DENNIS ODA / DODA@STARBULLETIN.COM
Painters worked yesterday to spruce up restroom facilities in the middle of Ala Moana Park.
Painting. Cutting. Hauling. As the three-day Ala Moana Beach Park cleanup starts, many say ...
'It was long overdue'
One of Honolulu's busiest and most beloved parks was a sea of tranquility yesterday, except for the 100 workers who were busy restoring some of its past glory.
The unprecedented three-day closure of Ala Moana Park -- often described as one of the jewels of the city's park system -- already appeared to be paying some dividends. After workers spent hours sprucing up the place, it was looking much cleaner.
The cleanup has not come without controversy. Mayor Mufi Hannemann closed the park at night, forcing more than 200 homeless people who had been camping there to seek refuge at other places. What will happen to them is still being decided by state and city officials and faith-based organizations helping them.
If the homeless issue has divided public opinion, it was easy to agree on at least one thing: Ala Moana desperately needed a face lift.
And yesterday, park users and concession stand owners liked what they saw.
"I think they're doing a great job," said Moses Schultz, co-owner of Concession Surf-n-Snack, near the entrance to the Magic Island parking lot. "It was long overdue."
The three-day cleanup has been described as the largest ever undertaken at the 120-acre park. It started yesterday, with 100 crew members who trimmed hedges and coconut palm trees; repainted picnic tables, traffic lanes and crosswalks; picked up trash; replenished sand along the beach; repaired lifeguard towers and attended to other matters.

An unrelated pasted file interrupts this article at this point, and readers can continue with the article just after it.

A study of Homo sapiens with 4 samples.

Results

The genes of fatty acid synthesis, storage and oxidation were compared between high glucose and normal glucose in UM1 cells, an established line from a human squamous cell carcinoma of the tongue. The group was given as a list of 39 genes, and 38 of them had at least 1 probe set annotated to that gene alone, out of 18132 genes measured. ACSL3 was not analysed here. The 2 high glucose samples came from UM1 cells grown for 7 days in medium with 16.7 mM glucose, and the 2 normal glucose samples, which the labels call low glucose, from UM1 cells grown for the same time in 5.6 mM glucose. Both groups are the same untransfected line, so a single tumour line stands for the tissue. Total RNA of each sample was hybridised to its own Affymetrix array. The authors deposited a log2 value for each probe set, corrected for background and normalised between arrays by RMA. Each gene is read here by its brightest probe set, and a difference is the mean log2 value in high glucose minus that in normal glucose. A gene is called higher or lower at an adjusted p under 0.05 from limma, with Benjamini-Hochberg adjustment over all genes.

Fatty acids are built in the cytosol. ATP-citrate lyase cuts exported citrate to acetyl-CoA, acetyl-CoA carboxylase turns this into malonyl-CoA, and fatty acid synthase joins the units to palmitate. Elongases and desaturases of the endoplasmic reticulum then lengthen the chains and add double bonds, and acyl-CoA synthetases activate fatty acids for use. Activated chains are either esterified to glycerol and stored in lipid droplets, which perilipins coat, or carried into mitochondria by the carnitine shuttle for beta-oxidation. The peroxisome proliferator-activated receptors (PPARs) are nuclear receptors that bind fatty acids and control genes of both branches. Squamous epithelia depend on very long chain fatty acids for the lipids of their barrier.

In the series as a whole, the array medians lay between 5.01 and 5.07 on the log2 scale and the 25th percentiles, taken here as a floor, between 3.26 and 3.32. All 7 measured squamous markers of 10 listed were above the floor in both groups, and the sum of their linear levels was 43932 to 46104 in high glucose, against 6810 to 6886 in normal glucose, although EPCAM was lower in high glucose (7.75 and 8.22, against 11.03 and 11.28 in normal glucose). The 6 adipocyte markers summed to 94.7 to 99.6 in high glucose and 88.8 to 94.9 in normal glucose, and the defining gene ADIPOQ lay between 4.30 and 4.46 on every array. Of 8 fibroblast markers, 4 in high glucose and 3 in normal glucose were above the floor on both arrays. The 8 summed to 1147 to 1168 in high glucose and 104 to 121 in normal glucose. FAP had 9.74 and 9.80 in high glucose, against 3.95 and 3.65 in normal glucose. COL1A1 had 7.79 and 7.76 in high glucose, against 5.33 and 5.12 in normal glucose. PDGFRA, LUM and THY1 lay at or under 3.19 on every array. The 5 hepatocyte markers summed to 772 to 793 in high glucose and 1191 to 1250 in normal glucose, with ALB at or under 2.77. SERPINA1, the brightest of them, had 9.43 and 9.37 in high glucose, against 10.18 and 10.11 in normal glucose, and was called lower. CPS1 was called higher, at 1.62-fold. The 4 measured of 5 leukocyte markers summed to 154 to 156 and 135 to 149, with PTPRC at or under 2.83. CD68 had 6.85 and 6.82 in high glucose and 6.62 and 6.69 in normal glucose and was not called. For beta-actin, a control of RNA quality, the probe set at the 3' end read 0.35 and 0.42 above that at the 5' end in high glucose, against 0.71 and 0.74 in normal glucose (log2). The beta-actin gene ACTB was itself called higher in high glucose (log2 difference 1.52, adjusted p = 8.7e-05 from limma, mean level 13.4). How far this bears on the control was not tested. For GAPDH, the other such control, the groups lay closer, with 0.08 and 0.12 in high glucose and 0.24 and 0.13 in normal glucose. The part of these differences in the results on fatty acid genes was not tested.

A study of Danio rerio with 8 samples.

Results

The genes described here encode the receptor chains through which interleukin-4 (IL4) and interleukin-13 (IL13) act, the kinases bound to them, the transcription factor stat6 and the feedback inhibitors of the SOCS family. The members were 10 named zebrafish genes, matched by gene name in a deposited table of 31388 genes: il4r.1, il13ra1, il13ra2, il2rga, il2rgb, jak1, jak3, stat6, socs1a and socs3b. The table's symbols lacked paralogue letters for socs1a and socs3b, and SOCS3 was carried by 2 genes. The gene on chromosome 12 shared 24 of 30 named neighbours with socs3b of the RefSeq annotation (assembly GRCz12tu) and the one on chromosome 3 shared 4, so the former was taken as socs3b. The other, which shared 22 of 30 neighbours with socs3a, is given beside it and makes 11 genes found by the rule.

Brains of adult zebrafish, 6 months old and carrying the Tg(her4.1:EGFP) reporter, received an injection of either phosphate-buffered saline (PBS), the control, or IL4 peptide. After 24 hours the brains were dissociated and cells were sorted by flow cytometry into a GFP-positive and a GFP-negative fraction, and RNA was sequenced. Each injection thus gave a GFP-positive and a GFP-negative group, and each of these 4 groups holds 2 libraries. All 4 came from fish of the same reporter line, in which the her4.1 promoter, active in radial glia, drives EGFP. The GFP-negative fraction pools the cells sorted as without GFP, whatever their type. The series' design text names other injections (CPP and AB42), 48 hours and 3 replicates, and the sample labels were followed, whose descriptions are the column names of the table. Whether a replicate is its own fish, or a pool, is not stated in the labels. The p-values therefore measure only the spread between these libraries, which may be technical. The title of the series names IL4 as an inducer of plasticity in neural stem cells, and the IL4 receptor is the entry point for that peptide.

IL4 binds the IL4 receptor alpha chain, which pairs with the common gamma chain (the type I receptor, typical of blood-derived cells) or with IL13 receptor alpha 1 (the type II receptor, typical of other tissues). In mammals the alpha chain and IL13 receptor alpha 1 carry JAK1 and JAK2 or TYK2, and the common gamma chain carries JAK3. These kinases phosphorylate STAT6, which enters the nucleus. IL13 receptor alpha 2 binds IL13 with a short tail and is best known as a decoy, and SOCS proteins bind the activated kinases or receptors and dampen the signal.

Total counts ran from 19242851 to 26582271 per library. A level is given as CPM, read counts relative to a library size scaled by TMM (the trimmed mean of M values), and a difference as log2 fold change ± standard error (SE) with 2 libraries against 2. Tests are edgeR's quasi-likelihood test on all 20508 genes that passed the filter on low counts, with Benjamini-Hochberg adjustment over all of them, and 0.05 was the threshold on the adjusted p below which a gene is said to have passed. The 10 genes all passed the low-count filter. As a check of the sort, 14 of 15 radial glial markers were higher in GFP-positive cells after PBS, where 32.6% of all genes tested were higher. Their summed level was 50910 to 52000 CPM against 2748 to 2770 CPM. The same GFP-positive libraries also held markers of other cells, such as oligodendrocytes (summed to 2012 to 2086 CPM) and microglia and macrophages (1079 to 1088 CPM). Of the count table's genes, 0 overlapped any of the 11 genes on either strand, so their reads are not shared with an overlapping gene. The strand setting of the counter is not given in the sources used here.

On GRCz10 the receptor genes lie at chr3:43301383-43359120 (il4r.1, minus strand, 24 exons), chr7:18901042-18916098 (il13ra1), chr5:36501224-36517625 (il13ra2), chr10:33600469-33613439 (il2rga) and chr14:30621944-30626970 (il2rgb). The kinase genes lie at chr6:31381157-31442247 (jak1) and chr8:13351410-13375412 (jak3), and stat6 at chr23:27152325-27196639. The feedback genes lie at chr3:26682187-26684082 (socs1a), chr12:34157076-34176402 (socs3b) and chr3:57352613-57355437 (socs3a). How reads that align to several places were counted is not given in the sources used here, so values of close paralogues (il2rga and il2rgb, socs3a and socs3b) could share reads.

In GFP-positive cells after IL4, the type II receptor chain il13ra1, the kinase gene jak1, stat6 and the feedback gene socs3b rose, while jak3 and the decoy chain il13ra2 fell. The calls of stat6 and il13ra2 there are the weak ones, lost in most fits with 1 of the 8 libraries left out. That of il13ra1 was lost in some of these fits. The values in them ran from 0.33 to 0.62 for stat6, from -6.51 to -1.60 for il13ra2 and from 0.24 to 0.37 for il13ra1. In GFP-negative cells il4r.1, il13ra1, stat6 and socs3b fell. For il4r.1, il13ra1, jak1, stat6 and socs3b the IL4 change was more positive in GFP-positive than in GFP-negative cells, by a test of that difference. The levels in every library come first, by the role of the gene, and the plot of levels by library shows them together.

All of that work translated to one-third of the total cleanup by day's end, said Toni Robinson, assistant administrator for Park Maintenance and Recreation Services.
"I think it looks a lot better," said beach-goer Sheena Burch, who was sitting near an open-air corridor at the park with her 8-month-old son, Dominick.
Burch said she would see litter and debris build up along the curbside of the road that runs through the park. But yesterday, it was clean, she said.
Except for the tree trimming, all of the work is being done by city workers.
Using cherry pickers, city contractors trimmed coconut palm trees near the Magic Island parking lot. Other workers placed mulch around the base of banyan trees to maintain moisture.
The bathrooms, often a focus of complaints, also will get some attention, and workers expect to fix the sprinkler system.
If time permits, the concrete wall that borders the beach will be painted, Robinson said.
And after all that cleaning, Parks Director Les Chang plans to ask Hannemann to make night closures permanent.
City officials say they want to deter illegal activity.
The night closures started in late March and will continue until the end of June. Chang said he has received positive feedback from the public about the night closures, and he's supported by the park board.
"We feel that Ala Moana is one of our crowned jewels. We want to bring the shine back to it," he said.